The Chinese Clock
The Chinese clock in TCM is a helpful tool for identifying which hours of the day are optimal for activities such as eating, drinking, resting and exercising because during certain hours your organs have the most energy.
There are 12 organs and 2 additional systems that are represented by the clock.
When organs are under pressure or out of balance it can manifest in both physical and emotional symptoms.
I have always found it useful to have this clock in the back of my mind to help identify what organs I need to support and likewise TCM practitioners use the clock in order to determine what organ is responsible for dis-ease.
It is associated with grief so it is during this time that you may find yourself waking up if you are going through some sadness or express physical symptoms such as coughing, asthma etc. It is advised to try and relax by doing soothing breathing exercises.
The lungs are also responsible for moving our vital energy, known in TCM as QI round the entire body.
5-7am Large Intestine
Our large intestine is about letting go on every level, which is why this is the optimum time to release your bowels. If you are emotionally holding onto things this is also associated with this organ (known as the second brain) and physically you may experience constipation and toxicity build up that comes out on the skin. It is believed to be a good time to brush your hair as it is thought it helps clear the mind.
This is the best time to eat breakfast and indeed your largest meal of the day as your digestion will work most effectively.
When this organ is out of balance we see symptoms of acid reflux, indigestion and bad breath.
9-11am Pancreas and Spleen
The spleen transforms the nutrients it extracts from food into energy and takes it around the body to be utilised. It is the time when enzymes are released to aid digestion and release energy so it’s the best time to do the hardest tasks of the day.
In order to support this process you can drink warm drinks enhanced with blood sugar balancing cinnamon.
Imbalances of the spleen show up as loose stools, bloating after eating, low energy and craving sugar.
You may feel a lack of confidence at this time.
If you have the chance this time is a good time to relax. The heart does not like stress so sitting quietly and mindfully is better than exercising or stressing.
Symptoms of imbalance here are cold hands and feet, insomnia, shortness of breath.
This is a good time for lunch and a cup of tea. Emotions such as sadness or its opposite are often experienced around this time.
1-3pm Small Intestine
The small intestine separates liquids from more solid waste. If you haven’t drunk enough water up until this time you are most likely to feel dehydrated during this time. It’s the time when the completion of digestion occurs and a good time to think about exercising. Emotionally feelings of vulnerability may arise.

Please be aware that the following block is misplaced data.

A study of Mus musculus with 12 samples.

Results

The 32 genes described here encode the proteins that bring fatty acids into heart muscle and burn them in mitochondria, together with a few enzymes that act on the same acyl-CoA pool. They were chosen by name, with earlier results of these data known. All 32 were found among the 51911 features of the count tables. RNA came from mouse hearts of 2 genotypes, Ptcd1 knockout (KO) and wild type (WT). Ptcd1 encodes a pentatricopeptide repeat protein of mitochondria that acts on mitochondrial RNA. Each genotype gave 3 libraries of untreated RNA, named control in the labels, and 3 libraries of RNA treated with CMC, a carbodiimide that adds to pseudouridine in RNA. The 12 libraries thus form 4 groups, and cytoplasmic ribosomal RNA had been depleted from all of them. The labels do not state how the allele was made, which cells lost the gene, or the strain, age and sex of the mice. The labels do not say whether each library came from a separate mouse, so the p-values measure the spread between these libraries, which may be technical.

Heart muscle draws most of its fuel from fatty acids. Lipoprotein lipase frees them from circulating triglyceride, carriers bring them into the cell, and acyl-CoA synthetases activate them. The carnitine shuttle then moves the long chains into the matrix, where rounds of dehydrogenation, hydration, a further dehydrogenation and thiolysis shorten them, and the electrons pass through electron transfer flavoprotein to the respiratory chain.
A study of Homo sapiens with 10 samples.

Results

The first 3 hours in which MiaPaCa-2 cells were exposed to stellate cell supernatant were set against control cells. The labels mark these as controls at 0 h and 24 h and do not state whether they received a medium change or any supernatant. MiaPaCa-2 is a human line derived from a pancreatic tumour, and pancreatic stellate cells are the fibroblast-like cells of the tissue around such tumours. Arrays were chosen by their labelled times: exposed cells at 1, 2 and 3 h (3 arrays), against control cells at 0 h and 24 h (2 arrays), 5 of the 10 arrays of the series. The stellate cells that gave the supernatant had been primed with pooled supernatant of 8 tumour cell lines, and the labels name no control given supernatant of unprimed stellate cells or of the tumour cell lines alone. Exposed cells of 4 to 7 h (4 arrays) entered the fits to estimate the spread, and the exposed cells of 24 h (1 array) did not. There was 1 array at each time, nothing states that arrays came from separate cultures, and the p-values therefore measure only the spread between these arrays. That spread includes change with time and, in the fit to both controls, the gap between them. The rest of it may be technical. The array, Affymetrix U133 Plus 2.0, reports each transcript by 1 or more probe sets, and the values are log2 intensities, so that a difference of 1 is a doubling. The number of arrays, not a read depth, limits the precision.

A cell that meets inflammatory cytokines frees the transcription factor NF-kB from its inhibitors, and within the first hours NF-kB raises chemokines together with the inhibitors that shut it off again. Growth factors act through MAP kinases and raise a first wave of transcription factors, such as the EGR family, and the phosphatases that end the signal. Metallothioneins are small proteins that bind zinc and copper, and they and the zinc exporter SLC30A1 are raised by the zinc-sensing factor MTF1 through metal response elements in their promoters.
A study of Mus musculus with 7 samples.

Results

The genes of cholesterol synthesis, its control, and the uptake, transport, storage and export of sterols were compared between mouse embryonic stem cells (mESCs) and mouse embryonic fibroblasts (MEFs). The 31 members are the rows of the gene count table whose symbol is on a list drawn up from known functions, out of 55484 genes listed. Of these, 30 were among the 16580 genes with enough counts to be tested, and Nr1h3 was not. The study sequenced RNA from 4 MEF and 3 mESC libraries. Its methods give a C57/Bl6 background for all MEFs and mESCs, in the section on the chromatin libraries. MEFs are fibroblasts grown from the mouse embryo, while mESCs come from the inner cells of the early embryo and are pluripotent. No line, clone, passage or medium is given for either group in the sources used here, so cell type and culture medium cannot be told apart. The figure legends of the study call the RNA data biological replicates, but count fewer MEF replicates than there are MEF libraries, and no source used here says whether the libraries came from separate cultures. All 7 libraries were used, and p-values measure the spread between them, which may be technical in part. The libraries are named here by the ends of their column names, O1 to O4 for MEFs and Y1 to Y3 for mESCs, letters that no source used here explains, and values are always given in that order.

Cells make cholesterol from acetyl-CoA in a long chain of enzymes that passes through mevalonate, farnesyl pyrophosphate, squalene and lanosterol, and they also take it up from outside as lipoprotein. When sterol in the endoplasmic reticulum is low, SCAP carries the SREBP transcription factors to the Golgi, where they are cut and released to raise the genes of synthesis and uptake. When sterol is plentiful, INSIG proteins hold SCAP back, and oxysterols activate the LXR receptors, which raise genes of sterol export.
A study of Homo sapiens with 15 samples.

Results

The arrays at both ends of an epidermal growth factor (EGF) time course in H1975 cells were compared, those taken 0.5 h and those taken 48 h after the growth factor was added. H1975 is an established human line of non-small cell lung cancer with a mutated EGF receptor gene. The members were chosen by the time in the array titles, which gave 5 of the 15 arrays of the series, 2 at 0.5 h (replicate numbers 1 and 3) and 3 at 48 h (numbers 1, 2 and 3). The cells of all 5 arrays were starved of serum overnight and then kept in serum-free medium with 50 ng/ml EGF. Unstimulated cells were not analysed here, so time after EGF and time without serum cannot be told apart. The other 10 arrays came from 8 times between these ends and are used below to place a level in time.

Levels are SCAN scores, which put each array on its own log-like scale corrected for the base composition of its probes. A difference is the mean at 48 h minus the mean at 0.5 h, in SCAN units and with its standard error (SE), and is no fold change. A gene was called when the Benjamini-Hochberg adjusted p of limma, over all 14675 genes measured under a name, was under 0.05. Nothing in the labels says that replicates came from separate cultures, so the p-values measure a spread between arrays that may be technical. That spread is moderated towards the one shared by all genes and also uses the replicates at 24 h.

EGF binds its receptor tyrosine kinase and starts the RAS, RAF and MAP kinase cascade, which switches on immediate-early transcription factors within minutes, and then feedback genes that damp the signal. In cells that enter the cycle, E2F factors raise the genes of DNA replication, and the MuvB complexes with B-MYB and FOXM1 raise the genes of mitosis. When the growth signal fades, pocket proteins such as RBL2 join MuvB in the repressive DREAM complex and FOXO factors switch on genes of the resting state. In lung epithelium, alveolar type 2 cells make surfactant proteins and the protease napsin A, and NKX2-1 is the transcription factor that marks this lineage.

Symptoms of imbalance are duodenal ulcers, bloating and gas.
3-5pm The Bladder
The bladder stores and secretes urine. It is nourished by salty foods. When it’s out of balance typical symptoms are burning, incontinence, yeast infection. It’s important to try and drink more fluids at this time to help remove the wastes being filtered. This can be a good time to focus on mental pursuits or challenges but be aware that feelings of irritability may present themselves at this time.
The kidneys filter blood and maintain chemical balance. It is a good time to eat your evening meal and take some gentle exercises and stretches.
Kidneys are associated with fear and this is an emotion you may feel at this time.
This is the time when all the nutrients are carried to each cell of the body. Avoid exerting yourself physically or mentally at this time and do something quiet like reading. If you have children you ideally want to get them to bed by 7pm as this movement in their system could be quite stimulating and cause them to be hyperactive. This is thought to be a good time to try and conceive.
On an emotional level you may experience an inability to express yourself.
9-11pm Endocrine System
This is the best time to think about going to sleep and conserving energy for the following day as your endocrine system is in charge of enzyme replenishments and readjustments.
You may experience feelings of paranoia at this time.
11pm-1am Gall bladder
The gall bladder stores and excretes bile, which is needed to break down fat.
On an emotional level it is relates to self-esteem and decision-making.
If you are not asleep by this time you are depleting your body’s yang energy, which is storing itself up for the next day, and you will find yourself tired in the morning, have difficulty digesting fats as well as low self-esteem.
The liver stores blood and is involved with breaking down toxins. It is also the seat of our anger. If you have physical problems with your liver, too much yang energy, suppressed anger or resentment you may find yourself waking here.
Physical symptoms are irregular menstruation, anaemia, headaches, and chronic fatigue.
During your day try and be more aware of what processes your body is going through and be as mindful and supportive of them as possible and you will notice an increase in your energy levels.